12 Facts About Medical Leave

12 facts about FMLA

When you or a loved one gets sick, one of the first things you worry about is your income. How can you take time off for doctors’ appointments, treatments, surgeries and recovery without losing your job? The Family and Medical Leave Act of 1993 (FMLA) was put into effect so employees could have peace of mind that their jobs and benefits would continue, even in the event of a health crisis. You should always have a conversation with your employer, but here are the basics of FMLA:

  1. You can take 12 workweeks of leave in a 12-month period.
  2. You can use FMLA to take care of a spouse, child or parent who has a serious health condition (or for yourself).
  3. You will still receive your health benefits.
  4. You should return to the same position as before you took leave.
  5. All public agencies and all private companies that employ 50 or more employees must provide FMLA.
  6. You must have worked for your employer for at least 12 months to be eligible, though this doesn’t have to be concurrent.
  7. Your employer doesn’t have to pay you, though check with your HR department to see if you can use vacation, sick or PTO time to cover some of the missing income.
  8. You may not have to take all 12 weeks concurrently. Some people ask to take a couple days a week of FMLA for an extended period of time.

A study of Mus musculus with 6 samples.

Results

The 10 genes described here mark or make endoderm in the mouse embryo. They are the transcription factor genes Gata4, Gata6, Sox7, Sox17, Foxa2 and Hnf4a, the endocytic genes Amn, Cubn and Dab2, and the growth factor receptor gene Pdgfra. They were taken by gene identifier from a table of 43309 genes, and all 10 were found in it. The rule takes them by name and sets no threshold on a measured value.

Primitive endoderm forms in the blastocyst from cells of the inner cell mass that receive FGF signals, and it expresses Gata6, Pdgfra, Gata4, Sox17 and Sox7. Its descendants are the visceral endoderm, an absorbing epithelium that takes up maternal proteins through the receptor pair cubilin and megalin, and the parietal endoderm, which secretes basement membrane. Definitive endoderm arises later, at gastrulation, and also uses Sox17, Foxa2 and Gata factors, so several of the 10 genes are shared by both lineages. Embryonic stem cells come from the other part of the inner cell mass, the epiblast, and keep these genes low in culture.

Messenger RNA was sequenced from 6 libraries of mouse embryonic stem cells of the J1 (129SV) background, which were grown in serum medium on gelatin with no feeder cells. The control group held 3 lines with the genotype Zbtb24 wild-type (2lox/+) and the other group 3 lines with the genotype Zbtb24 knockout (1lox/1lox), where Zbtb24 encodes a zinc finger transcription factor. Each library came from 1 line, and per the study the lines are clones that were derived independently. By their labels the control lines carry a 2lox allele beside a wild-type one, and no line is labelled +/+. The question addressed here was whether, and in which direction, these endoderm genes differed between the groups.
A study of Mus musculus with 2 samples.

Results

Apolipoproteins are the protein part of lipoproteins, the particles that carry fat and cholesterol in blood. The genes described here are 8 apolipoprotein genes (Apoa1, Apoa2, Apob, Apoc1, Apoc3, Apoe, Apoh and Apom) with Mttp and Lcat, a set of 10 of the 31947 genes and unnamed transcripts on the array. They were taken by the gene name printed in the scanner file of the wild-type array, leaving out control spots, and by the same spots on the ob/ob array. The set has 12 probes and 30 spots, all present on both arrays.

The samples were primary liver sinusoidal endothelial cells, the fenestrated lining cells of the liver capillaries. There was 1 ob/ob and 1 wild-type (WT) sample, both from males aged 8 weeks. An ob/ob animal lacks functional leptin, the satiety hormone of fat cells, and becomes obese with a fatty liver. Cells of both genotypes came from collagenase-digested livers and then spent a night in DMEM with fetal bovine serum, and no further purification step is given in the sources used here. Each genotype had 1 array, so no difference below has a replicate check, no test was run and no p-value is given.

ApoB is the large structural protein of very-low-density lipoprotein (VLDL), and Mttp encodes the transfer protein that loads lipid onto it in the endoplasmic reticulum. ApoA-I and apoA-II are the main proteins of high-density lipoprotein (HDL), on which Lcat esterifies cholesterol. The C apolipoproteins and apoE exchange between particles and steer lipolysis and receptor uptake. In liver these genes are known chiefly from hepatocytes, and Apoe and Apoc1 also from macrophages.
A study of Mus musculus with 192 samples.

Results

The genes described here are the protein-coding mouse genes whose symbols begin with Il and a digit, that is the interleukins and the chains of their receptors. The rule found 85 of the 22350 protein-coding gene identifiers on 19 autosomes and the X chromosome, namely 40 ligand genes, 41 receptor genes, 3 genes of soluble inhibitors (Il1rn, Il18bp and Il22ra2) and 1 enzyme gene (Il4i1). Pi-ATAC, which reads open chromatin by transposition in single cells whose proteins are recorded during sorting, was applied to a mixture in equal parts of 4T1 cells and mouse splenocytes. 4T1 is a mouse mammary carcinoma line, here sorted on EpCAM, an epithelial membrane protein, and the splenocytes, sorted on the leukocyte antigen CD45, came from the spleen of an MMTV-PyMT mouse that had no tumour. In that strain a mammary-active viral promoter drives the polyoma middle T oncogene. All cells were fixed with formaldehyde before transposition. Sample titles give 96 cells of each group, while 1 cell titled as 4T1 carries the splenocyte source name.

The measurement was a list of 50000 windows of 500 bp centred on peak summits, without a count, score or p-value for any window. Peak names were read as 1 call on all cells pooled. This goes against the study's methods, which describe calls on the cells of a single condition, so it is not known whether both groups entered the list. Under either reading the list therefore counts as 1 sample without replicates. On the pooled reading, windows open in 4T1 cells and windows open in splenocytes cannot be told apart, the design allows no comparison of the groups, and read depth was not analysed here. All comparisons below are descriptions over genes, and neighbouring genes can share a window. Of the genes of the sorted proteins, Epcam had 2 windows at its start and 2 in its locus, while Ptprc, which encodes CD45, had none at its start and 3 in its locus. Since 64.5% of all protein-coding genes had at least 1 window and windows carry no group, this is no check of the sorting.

9. If you take FMLA intermittently, your employer has to the right to discuss changing your job description (but not pay or benefits) to better suit all parties involved.
  10. If your employer requires documentation of the illness, you have 15 days to obtain this (but you are not required to provide medical records).
  11. If you can, you should provide your employer with 30 days notice that you plan to take FMLA.
  12. Once you request to take FMLA leave, your employer has five days to tell you if you’re eligible.

If you are in need of more information about FMLA, check out their Frequently Asked Questions page.

This is a wonderful thing except if your child is over 18 and is not a special needs adult you can be denied FLMA!!!! I was denied FMLA when my 34 year old daughter was in a high risk pregnancy because it was not life threatening! my daughter died 3 months after giving birth,from a brain aneurysm and postpartum cardiomyopathy..I might add that I work for a Catholi I feel that people need to know that if your child is over 18 this law is flawed..our children do not quit becoming our children at 18!